26 September 2018
Secondary school students in Jersey are to be offered the flu vaccine for the first time this year as the annual flu vaccination programme launches.
In previous years, the nasal flu vaccine has been successfully given to nursery aged children and primary school children. This year, students aged up to 16 will have the opportunity to have the nasal vaccine to help keep flu-free as well as younger children.
The annual flu vaccination programme launches on Monday 1 October to protect those at higher risk from flu. Publicly funded flu vaccines will be available to
adults aged 65 and over
people aged 16 to 64 with a serious health condition
all children aged 2 to 16
children aged 6 months to 2 years with a serious health condition.
The flu vaccination programme across Jersey is a joint initiative between Health and Community Services, Social Security, GP surgeries and pharmacists.
This year, another new addition is a more effective ‘adjuvanted’ flu vaccine, which is available for those aged 65 and over. It is expected to significantly boost effectiveness by improving the body’s immune response to the vaccine.
This is important because older adults’ immune systems naturally become weaker as they age, so they need a boosted vaccine to better protect them. A ‘quadrivalent’ flu vaccine is being offered to those aged 16 to 65 with serious health conditions and to pregnant women via GP surgeries and pharmacies. This vaccine injection will provide protection against four strains of flu.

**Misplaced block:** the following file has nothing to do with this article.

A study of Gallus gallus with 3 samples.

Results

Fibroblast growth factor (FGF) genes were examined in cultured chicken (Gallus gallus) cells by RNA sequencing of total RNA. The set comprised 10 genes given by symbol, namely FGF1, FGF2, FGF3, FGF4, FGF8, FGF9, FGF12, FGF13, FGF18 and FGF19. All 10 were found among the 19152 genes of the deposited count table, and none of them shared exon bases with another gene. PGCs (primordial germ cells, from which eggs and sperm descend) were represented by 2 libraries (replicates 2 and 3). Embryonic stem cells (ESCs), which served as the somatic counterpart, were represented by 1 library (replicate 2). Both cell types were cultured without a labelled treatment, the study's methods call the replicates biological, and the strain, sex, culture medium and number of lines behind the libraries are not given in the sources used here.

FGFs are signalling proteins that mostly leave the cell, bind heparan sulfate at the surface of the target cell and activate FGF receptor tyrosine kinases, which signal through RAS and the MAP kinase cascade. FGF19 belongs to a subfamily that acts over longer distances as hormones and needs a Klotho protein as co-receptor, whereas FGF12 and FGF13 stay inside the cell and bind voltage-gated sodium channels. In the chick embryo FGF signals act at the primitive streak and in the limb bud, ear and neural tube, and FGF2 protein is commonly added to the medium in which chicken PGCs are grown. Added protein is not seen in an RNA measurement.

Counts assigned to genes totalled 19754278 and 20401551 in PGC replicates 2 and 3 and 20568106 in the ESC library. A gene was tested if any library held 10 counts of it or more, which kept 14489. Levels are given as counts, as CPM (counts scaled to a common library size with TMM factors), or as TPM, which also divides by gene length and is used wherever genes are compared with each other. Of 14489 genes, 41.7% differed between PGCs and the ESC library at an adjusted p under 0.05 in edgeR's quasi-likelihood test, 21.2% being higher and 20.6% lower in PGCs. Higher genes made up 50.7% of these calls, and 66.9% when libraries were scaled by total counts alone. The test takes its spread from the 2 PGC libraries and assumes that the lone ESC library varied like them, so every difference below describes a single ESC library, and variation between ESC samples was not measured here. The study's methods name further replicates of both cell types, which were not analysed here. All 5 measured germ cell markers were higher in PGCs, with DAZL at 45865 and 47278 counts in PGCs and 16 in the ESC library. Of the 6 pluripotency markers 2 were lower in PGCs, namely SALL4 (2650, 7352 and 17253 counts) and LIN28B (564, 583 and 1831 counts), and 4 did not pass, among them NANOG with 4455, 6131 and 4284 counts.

Health and Community Services are also extending the offer of the nasal flu vaccine to include secondary school children up to the age of 16. The nasal vaccine which protects against four strains of flu will be available to children aged 2 to 4 at their nursery or GP surgery free of charge. For children in reception to year 11, the vaccine will be offered free of charge at their school.
Doctor Linda Diggle, Head of Preventive Programmes, said: “We’d urge anyone who is offered the flu vaccine to take up the offer, as we work to vaccinate more people than ever before in order to keep the whole community healthy. For the majority of healthy adults, flu is unpleasant, but they’ll start to feel better within a week.
“However, for some groups of people, particularly those in what we call ‘at-risk’ groups, catching flu can be more serious and can lead to a stay in hospital and severe health complications. Our flu vaccination programme is aimed at preventing flu in those who are particularly vulnerable.
We have better flu vaccines available to us this year and I would urge those who are eligible to make sure they get vaccinated.”